Qualifications for all?


As we approach the General Election, little has been said by either of the major parties about what will happen to qualifications if they are elected. This is despite the curriculum and qualifications framework having been in place for at least 10 years.

For the Conservative Party we must assume that they will continue to follow their current plans, introduction of the Advanced British Standard, drastically reducing Applied General Qualifications (including BTEC’S) by “removing funding from level 3 qualifications due to overlap with T levels”, and expanding the range of Technical Levels available for 16 – 19 year olds. They have also committed to ensuring that all students continue to study maths and English during KS5, In addition they have announced that they will increase the number of high level apprenticeships available and review what they refer to as ‘Mickey Mouse’ degrees.

From Labour there has been an informal agreement to ‘pause and review’ the defunding of AGQ’s but no commitment to reversing the decision to defund many qualifications. However, they have made a clear promise to ensure that all students have access to ‘a broader and richer curriculum’ and to carry out a full review of assessment. Labour alludes to greater emphasis on a broad curriculum with ‘a strong core of literacy and numeracy alongside access to sports and arts subjects’ in addition to ‘ensuring all our children have the digital skills they need’. We await the manifesto to see more detail about what this might actually look like.

One thing that we do know is that for decades now the importance of offering a range of qualifications to meet the diverse needs of all students has been highlighted in reports created for all colours of political parties including the Dearing, Wolf and Tomlinson reports. These collectively highlight the necessity of a versatile qualification framework that meets varying student abilities, interests, and career aspirations.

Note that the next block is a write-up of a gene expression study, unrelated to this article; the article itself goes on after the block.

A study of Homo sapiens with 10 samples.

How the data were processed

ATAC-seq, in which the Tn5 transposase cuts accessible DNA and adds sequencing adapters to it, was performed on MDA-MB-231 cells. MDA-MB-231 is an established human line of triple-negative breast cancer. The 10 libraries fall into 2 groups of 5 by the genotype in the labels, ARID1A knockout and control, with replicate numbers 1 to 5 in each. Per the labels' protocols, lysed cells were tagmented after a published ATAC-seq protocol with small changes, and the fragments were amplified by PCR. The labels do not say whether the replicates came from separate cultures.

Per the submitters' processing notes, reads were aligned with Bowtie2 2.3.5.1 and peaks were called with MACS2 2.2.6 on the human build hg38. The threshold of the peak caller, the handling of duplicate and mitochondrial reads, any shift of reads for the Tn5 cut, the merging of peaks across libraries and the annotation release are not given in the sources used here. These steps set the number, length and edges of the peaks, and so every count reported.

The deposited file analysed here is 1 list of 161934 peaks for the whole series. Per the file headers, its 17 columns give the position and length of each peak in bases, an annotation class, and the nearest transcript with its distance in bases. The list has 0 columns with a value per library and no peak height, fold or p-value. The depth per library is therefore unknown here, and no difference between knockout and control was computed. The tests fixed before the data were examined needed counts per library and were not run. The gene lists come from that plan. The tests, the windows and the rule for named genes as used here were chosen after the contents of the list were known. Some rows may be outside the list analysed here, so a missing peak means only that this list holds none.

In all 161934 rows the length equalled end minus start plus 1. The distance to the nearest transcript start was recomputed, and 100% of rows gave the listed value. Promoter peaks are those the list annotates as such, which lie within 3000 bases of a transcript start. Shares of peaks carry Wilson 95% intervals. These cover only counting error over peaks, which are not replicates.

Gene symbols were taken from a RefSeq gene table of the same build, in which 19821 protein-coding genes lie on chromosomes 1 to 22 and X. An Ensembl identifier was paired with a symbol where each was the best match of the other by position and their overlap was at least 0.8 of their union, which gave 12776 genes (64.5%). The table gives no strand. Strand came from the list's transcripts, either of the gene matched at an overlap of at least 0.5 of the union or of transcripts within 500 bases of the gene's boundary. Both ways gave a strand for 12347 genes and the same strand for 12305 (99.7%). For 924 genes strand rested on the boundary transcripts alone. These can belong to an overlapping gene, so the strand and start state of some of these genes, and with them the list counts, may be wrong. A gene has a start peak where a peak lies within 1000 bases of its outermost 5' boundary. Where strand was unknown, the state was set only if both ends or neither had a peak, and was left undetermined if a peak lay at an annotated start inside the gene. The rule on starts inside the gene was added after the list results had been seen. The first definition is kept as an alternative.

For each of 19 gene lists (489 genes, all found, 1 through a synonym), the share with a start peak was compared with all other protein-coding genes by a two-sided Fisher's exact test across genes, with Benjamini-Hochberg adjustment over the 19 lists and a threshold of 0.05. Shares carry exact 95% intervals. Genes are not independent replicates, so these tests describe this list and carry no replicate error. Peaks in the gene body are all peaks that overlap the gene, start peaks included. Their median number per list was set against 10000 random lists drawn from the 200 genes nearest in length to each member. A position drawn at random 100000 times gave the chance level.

The Dearing Report (1997) emphasised the need for a balanced curriculum that offers both academic and vocational pathways, ensuring that students who are less academically inclined still have valuable opportunities to succeed and gain practical skills.

The Tomlinson Report (2004) called for a more integrated and coherent 14-19 curriculum, proposing a unified diploma system to bridge the gap between academic and vocational education. This would allow students to mix and match qualifications according to their strengths and interests, promoting a more personalised and flexible approach to gaining qualifications.

The Wolf Report (2011) further advocated for rigorous vocational education, arguing that high-quality vocational qualifications are essential for equipping students with the skills needed in the workforce. Wolf also highlighted the importance of credible and employer-recognised qualifications that offer real opportunities to students entering the job market.

A General Election would seem to be the perfect opportunity for parties to examine how the qualifications framework can best meet the needs of all students in preparing them for successful futures, whether in higher education or employment. Let’s learn from the past as well as looking to the future.